On Thursday, the City Council met with the city’s Housing Advisory Committee to address the crisis.

“The urgency is great. Every day that goes by is another day that a family or individual risks homelessness because they can’t afford their rent,” Elaine Poon, managing attorney for Charlottesville’s Legal Aid Justice Center, said in an interview.

Poon also is a member of the Charlottesville Low-Income Housing Coalition, which has been pressuring the city to develop a housing strategy focused on extremely low-income residents. HAC incorporated many of the housing coalition’s demands into its presentation to the council.

During the meeting’s public comment section, Connie Rosenbaum, who lives in public housing, asked the city to focus on repairing those homes first.

“Public housing has gone to the dogs. By the time you get some of these apartments built, most of the people my age will be dead,” she said. “We need something done within the next year or two.”

Rosenbaum said she is struggling with cancer and that she is not sure whether she would see improved apartments even within that faster timeline.

Mayor Nikuyah Walker agreed that building new public housing on property the city owns should be the first step. She said that would allow people in the older buildings to move out.

“Then something can be done with the old structures, so new people can go into those. If we commit to that being Phase One, then that will hopefully address what you’re talking about, to where you can — while you are still in this lifetime — be in a house that is safe and modern.”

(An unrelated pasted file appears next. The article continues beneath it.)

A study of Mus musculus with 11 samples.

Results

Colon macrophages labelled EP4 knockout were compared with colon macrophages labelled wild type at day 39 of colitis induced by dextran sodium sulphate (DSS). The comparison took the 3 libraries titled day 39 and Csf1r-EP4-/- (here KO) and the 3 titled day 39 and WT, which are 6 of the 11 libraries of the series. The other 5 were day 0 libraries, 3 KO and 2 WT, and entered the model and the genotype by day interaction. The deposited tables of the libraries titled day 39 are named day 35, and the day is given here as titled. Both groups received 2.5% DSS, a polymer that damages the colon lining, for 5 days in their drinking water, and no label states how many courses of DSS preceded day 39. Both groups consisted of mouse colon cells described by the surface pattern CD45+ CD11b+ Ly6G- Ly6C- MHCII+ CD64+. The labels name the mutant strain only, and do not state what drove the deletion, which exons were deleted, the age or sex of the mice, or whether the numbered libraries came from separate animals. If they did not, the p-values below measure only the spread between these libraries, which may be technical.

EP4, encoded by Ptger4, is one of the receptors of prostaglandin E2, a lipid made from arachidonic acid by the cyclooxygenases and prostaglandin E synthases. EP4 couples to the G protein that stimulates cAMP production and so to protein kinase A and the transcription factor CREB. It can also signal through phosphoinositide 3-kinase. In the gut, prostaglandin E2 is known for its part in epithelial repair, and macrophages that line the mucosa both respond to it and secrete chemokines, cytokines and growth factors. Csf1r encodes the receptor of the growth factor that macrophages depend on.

To make sure the larger housing strategy works better than past affordable housing efforts, CLIHC has pressured the city to engage low-income residents more fully than it has before.

HAC proposed a peer-to-peer outreach effort, which Poon said would be an innovative solution.

“You would hire one person to supervise residents, essentially, and pay the residents to go out and do the community engagement and have conversations with people who are their neighbors,” Poon said. “It’s very different if it’s your neighbor coming to you — and it also puts some resources back out into the community that you keep engaging with.”

HAC presented the City Council a $200,019 budget proposal for the engagement process. Although consultants would compete to provide a slimmer budget, HAC estimated that the consultant would be paid $120,000 and interns would be paid a total of $36,864.

Councilor Wes Bellamy questioned the idea of paying $120,000 to a consultant.

“What if we used some of that budget — or even used that budget — to partner with the organizations that already speak with the populations who we’re trying to get the information from?” Bellamy asked.

Sunshine Mathon, who helped present the budget, said HAC would explicitly invite local organizations to apply to be the consultants.

During the public comment period, Wandae Johnson suggested that engaging Charlottesville’s lowest-income residents would be worth the cost.

“I understand that the council has a history of paying consultant fees and then being chastised for doing so, but the communities we’re talking about serving have been neglected for a very long time,” Johnson said. “The history between the City Council and low-income residents is what should dictate how much you guys are willing to invest in that community outreach.”

HAC member Ridge Schuyler said that Vinegar Hill — one of several urban renewal efforts in Charlottesville that cleared predominantly African-American neighborhoods and devastated the black business community — “echoes in the back of [HAC members’] minds.”

“The best way to avoid the tragedy of Vinegar Hill is to make sure that all of the people who are affected understand what is being contemplated and agree that the solution will benefit the community,” Schuyler said.

The City Council is slated to discuss how to fund the affordable housing initiatives at 5 p.m. Sept. 6 at CitySpace.


Emily Hays grew up in Charlottesville and graduated from Yale in 2016. She covered growth, development, and affordable living. Before writing for Charlottesville Tomorrow, she produced a podcast on education and caste in Maharashtra, India.